Part of traveling (as opposed to being a tourist) is being aware and learning about local etiquette at your destination. In Kyoto, there may be a lot of “firsts”—whether it’s your first ryokan inn, onsen, or glimpse of a real geiko! It’s hard to know how to behave: what should you do first? You can learn some of the ropes with these infographics, explaining what to do (and what not to do) in some of the above situations:
As a part of an effort to help tourists better understand some of the local rules in Kyoto, the city has also distributed these stickers, which you may see around town, to local businesses:
Tips for Visiting the District of Gion
Gion is one of Kyoto’s geiko districts. The “kagai,” or districts where geiko live and work have a particular culture and history, and require some special courtesy when you make your visit.
Tips for Visiting Arashiyama and Nishiki Market
Arashiyama’s Sagano Bamboo Grove and central Kyoto’s “kitchen,” Nishiki Market, are both extremely popular locations amongst visitors to Kyoto, and it’s easy to see why. When you make a visit, please be aware of some local requests and etiquette.
Nishiki Market offers a variety of delicious Kyoto goodies, from vegetables to fish and sweets, but visitors are asked to refrain from eating foods they purchase at Nishiki Market while walking around, as the street is very narrow, and to be careful about how they dispose of trash.
In Arashiyama, the bamboo grove is sure to take your breath away! The towering blue-green stalks are a sight to see. However, to make sure that everyone can continue to enjoy the otherworldly atmosphere of the bamboo grove, it’s important to remember to treat it with respect: Preserving Arashiyama Bamboo Grove. Please also be sure to make sure to throw any trash in trash bins.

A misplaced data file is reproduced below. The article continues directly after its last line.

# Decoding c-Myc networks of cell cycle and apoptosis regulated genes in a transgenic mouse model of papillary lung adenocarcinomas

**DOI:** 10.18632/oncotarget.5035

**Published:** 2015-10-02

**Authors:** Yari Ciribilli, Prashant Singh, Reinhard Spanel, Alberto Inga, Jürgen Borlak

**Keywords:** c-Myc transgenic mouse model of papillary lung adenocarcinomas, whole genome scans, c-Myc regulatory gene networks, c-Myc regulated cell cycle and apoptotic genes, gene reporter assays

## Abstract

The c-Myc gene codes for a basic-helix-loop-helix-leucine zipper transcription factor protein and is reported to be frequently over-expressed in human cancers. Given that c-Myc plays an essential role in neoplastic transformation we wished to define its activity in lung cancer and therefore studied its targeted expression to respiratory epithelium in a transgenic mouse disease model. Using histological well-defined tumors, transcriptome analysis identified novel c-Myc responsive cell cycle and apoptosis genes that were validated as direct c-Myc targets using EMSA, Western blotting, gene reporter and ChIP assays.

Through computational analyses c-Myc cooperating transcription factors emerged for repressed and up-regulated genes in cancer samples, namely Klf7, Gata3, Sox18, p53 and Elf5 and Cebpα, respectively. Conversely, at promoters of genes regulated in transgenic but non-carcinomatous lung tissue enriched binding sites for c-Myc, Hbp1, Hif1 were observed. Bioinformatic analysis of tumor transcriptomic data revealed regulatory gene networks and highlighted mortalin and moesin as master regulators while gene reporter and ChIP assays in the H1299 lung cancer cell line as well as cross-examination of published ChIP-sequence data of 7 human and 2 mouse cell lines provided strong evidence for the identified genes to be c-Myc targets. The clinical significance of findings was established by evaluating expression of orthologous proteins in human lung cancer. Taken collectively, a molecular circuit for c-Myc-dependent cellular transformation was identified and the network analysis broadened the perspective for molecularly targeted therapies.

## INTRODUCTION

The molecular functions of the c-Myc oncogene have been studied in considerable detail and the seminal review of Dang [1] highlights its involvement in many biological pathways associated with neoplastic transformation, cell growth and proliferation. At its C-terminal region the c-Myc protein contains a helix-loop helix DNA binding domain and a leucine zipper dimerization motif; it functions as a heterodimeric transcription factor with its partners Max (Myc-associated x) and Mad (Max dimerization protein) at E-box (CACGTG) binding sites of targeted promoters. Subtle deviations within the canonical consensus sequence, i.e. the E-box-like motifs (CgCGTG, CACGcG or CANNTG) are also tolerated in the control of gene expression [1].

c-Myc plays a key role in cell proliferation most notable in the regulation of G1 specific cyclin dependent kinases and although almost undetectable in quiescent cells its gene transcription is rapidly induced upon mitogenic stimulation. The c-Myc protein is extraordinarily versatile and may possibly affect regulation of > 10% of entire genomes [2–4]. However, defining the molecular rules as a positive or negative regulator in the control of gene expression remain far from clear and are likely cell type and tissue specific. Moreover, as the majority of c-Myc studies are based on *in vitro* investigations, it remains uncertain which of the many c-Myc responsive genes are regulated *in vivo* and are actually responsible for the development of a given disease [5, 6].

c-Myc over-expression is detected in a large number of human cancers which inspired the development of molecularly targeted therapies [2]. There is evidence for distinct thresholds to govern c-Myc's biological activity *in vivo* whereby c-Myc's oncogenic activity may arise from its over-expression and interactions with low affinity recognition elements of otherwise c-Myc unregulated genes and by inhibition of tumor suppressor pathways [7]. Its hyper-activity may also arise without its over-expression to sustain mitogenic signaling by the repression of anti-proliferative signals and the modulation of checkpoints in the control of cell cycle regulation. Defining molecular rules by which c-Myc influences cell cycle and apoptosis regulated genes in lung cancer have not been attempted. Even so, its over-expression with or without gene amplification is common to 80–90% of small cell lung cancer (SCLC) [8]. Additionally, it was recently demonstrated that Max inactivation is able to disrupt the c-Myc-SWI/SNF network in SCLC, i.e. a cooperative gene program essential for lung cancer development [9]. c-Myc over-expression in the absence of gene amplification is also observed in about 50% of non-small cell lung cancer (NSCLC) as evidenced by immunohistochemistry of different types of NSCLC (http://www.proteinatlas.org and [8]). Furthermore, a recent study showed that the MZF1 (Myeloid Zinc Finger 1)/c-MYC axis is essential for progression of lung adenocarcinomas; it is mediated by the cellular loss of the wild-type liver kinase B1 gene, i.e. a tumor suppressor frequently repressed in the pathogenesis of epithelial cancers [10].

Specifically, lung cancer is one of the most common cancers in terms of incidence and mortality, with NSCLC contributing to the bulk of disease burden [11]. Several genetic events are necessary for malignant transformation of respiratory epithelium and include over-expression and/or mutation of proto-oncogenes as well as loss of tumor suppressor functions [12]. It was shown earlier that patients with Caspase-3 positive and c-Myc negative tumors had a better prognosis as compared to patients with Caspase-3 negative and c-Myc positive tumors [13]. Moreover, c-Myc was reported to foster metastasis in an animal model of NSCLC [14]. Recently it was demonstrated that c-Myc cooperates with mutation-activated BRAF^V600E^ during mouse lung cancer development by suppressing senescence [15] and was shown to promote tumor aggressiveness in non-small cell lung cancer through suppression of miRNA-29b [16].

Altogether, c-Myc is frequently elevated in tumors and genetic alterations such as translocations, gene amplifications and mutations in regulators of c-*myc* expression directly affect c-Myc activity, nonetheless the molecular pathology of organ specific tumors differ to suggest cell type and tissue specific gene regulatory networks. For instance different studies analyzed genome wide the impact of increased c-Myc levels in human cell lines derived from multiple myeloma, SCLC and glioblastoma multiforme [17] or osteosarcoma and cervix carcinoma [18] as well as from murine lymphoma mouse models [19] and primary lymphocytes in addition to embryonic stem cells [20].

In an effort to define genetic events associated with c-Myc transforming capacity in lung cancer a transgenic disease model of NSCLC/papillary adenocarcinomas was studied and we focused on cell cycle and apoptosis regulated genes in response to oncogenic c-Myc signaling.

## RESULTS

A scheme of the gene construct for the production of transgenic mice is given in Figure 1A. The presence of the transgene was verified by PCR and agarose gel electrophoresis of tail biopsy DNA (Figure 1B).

For smoother travel for everyone
To make sure that everyone can enjoy walking through Kyoto comfortably, please be aware that smoking isn’t allowed on the streets. (You’ll find designated locations in many cafés and restaurants)
While you’ll definitely want to take some photos to commemorate your trip, if you plan to use some fancier recording devices, like mounting your camera on a drone, please be aware of Japan’s regulations on the use of such aircraft. See details here: Japan’s safety rules on Unmanned Aircraft (UA)/Drone
When it comes to other items you might carry around with you, trash and/or disposable products are bound to be one of them at some point. Cities and their residents around the world are becoming more and more aware of their impact on the environment, and Kyoto is no different. A reduction in plastic and the rise of eco shopping bags are just some of the changes you can see on the ground, and the city has even put together a charmingly illustrated pamphlet with some specific pointers for visitors on how to reduce waste while traveling in Kyoto and Japan! See here: 2Rs Action Guide for Reducing Waste
You may feel lighter with less waste, but you can’t help having your hands full with luggage! It’s a pain to haul from location to location, and onto public transport, where it may even take up some seating space.Hands Free Kyotois a wonderful solution for this, saving you the hassle of carrying your luggage by offering storage and transport as needed, so you can enjoy the city feeling free and light.
Familiarizing yourself with some local manners and customs is a part of travel to any new location, and it can even make your trip more enjoyable (it may even make you the Kyoto expert in your group!). Just a little bit of care can help to preserve this beautiful city for its residents, and ensure that visiting Kyoto will be a lovely experience for all its visitors.